Friday, June 8, 2018
Beast: A Tale of Love and Revenge (book review)
Expected publication: July 10th, 2018
Filled with magic and fierce emotion, Lisa Jensen's multilayered novel will make you question all you think you know about beauty, beastliness, and happily ever after.
They say Château Beaumont is cursed. But servant-girl Lucie can’t believe such foolishness about handsome Jean-Loup Christian Henri LeNoir, Chevalier de Beaumont, master of the estate. But when the chevalier's cruelty is revealed, Lucie vows to see him suffer. A wisewoman grants her wish, with a spell that transforms Jean-Loup into monstrous-looking Beast, reflecting the monster he is inside. But Beast is nothing like the chevalier. Jean-Loup would never patiently tend his roses; Jean-Loup would never attempt poetry; Jean-Loup would never express remorse for the wrong done to Lucie. Gradually, Lucie realizes that Beast is an entirely different creature from the handsome chevalier, with a heart more human than Jean-Loup’s ever was. Lucie dares to hope that noble Beast has permanently replaced the cruel Jean-Loup — until an innocent beauty arrives at Beast’s château with the power to break the spell.
I received an ARC of this book from the publisher through NetGalley. This in no way affected my opinion of the book.
No. No no no no no. I'm going to keep this review pretty short because I could not and did not finish the book and there was nothing I liked about what little I read. It is so problematic.
This book was an immediate DNF for me after a certain scene I'll talk about later, but if it hadn't been for that, I probably would have shelved it as a DNF anyway because of the writing alone. It was so bad. Everything is told, not shown, and Lucie read as a bad fan-fiction heroine. I found myself cringing a couple times from the very first chapter. That's not how you want to be introduced to a book.
As soon as the master of the castle, Jean-Loup, returns, Lucie is instantly infatuated with him. She becomes obsessed and everything she does as a servant is done in a way so she can look at him. Again, it read like a bad fan-fiction. It wasn't written in a way where I could believe Lucie was intrigued by him and maybe even attracted. Everything was done to an extreme so that I was turned off from the story.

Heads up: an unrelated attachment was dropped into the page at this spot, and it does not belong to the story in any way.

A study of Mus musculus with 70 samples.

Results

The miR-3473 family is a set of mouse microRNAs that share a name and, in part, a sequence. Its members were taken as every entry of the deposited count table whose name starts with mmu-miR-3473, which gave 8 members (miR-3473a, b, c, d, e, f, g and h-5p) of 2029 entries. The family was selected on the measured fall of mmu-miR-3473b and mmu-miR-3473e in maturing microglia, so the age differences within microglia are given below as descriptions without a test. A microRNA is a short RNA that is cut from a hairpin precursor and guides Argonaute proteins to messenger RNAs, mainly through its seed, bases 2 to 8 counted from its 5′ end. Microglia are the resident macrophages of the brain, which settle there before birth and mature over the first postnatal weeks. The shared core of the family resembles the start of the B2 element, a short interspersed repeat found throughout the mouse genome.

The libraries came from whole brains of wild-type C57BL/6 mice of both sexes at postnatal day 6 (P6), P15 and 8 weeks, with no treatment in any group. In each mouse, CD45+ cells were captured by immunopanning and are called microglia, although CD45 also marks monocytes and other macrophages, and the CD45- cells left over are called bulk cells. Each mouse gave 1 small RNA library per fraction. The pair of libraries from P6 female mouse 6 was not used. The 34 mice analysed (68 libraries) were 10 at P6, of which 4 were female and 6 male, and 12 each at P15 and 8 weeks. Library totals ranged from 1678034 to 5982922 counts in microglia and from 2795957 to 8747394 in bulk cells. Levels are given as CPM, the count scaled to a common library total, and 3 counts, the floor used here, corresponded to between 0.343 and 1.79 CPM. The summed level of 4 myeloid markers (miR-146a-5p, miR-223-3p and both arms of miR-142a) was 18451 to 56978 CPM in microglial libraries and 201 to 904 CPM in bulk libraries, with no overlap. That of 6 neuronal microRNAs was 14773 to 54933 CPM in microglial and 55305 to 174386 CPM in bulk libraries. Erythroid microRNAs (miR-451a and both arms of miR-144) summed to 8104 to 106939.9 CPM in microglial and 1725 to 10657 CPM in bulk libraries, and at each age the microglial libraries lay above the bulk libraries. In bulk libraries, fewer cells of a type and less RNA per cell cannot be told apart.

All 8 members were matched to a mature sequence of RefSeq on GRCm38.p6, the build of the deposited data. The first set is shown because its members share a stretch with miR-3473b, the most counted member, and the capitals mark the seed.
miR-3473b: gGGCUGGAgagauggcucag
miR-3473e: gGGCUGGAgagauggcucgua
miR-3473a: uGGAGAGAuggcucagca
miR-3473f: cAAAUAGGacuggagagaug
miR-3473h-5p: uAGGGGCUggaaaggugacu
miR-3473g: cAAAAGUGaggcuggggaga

But the part that made me go "nope" and close my ebook with as much vigor as I could (there's only so much you can do when you don't have an actual, physical copy to slam shut in anger) was an event that happens maybe 10% into the book, which is as far as I read. I don't really consider it a spoiler since it happens so close to the beginning of the book, so I'm just going to go ahead as say it: Jean-Loup rapes Lucie. It happens with hardly any warning and completely shook me. This whole book was clearly set up to be a romance between Jean-Loup and Lucie, and that is why I stopped reading where I did. There was no way I could read over 300 pages of bad writing about a sexual assault victim falling in love with her rapist. That's just disgusting.
I don't have anything else to say, so I'm going to leave it there. I was definitely disappointed, because when I'd read the description for the book, it sounded like an awesome and unique version of "Beauty and the Beast," but I couldn't get past the bad writing and the problematic material. Hopefully the next ARC I get is better.
I rate it:
Have you read Beast: A Tale of Love and Revenge? What did you think? What are your favorite "Beauty and the Beast" retellings? Leave a comment!
I am an 18-year-old homeschooler, author, daydreamer, voracious reader, introvert, feminist, klutz, fangirl, and overuser of tape. I love the impossible (which might explain my obsessions with fantasy novels and Harry Potter) but I dip into the real world . . . occasionally. I tend to get overly emotional over my OTPs and eat sushi or listen to Taylor Swift to soothe the pain. If all else fails, reruns of “Doctor Who” or “Supernatural” is sure to help. I’m a big fan of mismatched socks, Cheez-Its, and bittersweet endings. I believe anything Rainbow Rowell, Felicia Day, or Lin-Manuel Miranda touches turns to gold. If you want to win the way to my heart, help me adopt a baby elephant. Or a llama. Or both. I write to survive and will often yell at my characters if they aren’t behaving, which is always. It doesn’t usually help. I am a contributor to the "Fauxpocalypse" anthology. You can follow me on Twitter at @Magic_Violinist.